Alabama allows early start to oyster harvest on Monday
Posted October 11, 2020 11:18 a.m. EDT
Updated October 11, 2020 11:19 a.m. EDT
MONTGOMERY, Ala. — Alabama officials have announced an earlier start for the upcoming oyster harvest that they hope will be even better than last season.
The Alabama Department of Conservation and Natural Resources approved a Monday start to the season after surveys to check whether Hurricane Sally damaged Mobile Bay reefs came up clear.
The opening applies to a zone in Heron Bay, west of the last piece of mainland before Alabama Highway 193 crosses open water to Dauphin Island. Starting Monday it will be open for weekday harvest from 7 a.m. to 2 p.m. Additionally, harvesting will be allowed from 7 a.m. to noon on Saturdays from Oct. 17 through Nov. 7, al.com reported.
“Prior to Hurricane Sally, we surveyed the public oyster bottoms and discovered they showed a potential for harvest that exceeded the previous season,” said Scott Bannon, director of the department's Marine Resources Division. “We still have some concerns about the hurricane’s impact on the bottoms, but sample trips after Sally made landfall leave us feeling optimistic that catchers could have a better season than in recent years.”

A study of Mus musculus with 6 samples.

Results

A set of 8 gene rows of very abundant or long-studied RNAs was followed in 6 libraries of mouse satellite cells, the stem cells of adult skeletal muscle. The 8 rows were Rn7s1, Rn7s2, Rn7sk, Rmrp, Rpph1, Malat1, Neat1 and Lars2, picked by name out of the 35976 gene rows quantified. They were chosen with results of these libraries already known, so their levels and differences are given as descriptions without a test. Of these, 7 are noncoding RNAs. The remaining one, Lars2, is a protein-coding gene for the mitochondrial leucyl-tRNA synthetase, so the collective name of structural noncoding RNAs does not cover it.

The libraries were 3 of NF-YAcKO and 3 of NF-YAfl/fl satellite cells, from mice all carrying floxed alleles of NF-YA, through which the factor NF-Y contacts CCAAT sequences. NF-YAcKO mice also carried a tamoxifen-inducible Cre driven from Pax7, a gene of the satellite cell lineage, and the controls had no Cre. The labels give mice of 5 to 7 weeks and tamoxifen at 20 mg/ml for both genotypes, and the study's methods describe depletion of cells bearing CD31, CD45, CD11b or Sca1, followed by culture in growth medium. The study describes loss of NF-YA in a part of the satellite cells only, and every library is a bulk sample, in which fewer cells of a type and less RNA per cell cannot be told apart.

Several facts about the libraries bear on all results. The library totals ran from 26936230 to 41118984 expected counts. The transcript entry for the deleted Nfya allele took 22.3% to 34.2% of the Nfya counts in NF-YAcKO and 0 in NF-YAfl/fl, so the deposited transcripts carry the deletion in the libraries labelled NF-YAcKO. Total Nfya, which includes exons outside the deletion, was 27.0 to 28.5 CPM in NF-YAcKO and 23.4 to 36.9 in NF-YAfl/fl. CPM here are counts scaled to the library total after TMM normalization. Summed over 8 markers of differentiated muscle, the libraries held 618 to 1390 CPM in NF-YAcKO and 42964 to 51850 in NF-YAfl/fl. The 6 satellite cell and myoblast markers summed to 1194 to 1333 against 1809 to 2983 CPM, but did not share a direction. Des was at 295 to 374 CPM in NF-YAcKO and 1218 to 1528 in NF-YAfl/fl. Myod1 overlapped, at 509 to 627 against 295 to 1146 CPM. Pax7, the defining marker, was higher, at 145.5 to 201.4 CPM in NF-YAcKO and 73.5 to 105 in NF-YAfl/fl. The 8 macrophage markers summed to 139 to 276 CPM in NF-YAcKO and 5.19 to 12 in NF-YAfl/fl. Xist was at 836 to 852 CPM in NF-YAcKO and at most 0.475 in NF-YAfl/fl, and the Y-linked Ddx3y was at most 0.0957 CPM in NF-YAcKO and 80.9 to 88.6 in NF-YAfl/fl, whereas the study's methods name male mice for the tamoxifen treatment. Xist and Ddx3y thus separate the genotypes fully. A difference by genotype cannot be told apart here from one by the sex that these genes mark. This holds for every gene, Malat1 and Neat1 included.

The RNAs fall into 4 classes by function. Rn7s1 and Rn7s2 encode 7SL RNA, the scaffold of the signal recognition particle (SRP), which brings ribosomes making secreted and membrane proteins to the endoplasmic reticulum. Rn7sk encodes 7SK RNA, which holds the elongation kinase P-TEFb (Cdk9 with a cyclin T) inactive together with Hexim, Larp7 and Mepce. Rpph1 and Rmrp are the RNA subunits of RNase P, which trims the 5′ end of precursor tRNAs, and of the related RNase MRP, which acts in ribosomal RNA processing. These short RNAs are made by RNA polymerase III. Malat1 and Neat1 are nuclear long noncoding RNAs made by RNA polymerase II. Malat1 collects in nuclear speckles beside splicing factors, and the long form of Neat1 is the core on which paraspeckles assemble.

In fall 2018, the Marine Resources Division decided to not open the 2018-2019 season. Following a year or two of water conditions unfavorable for larval and juvenile oysters, there simply weren’t enough mature oysters out there to justify it, officials said. A new season opened in November 2019 and the final tally of 11,258 sacks was the best harvest since 2013-2014.
The latest decision to open much earlier than in 2019 was driven in part by an anticipated Nov. 1 season opening in Texas. Bannon said Alabama officials wanted to give local harvesters “an opportunity to get a high-value product to market.”
He said the COVID-19 pandemic has made demand difficult to predict. The restaurant business has been hard-hit by shutdowns and capacity limits.
“Nationally, I think there’s concern,” he said. “It’s not a normal year. I may not know what normal is, but I know this is abnormal.”
The department hasn’t specified a projected end date for the season. It also hasn’t ruled out opening additional zones. Decisions will be based on evaluations by Marine Resources Division staff.
The six-sack daily limit applies to commercial harvesters, who are required to have a commercial license. Recreational harvesters can collect 100 legal-size oysters per day but are limited to the same areas and hours open for commercial harvest.
The limits apply to wild oysters, not to oyster farming operations.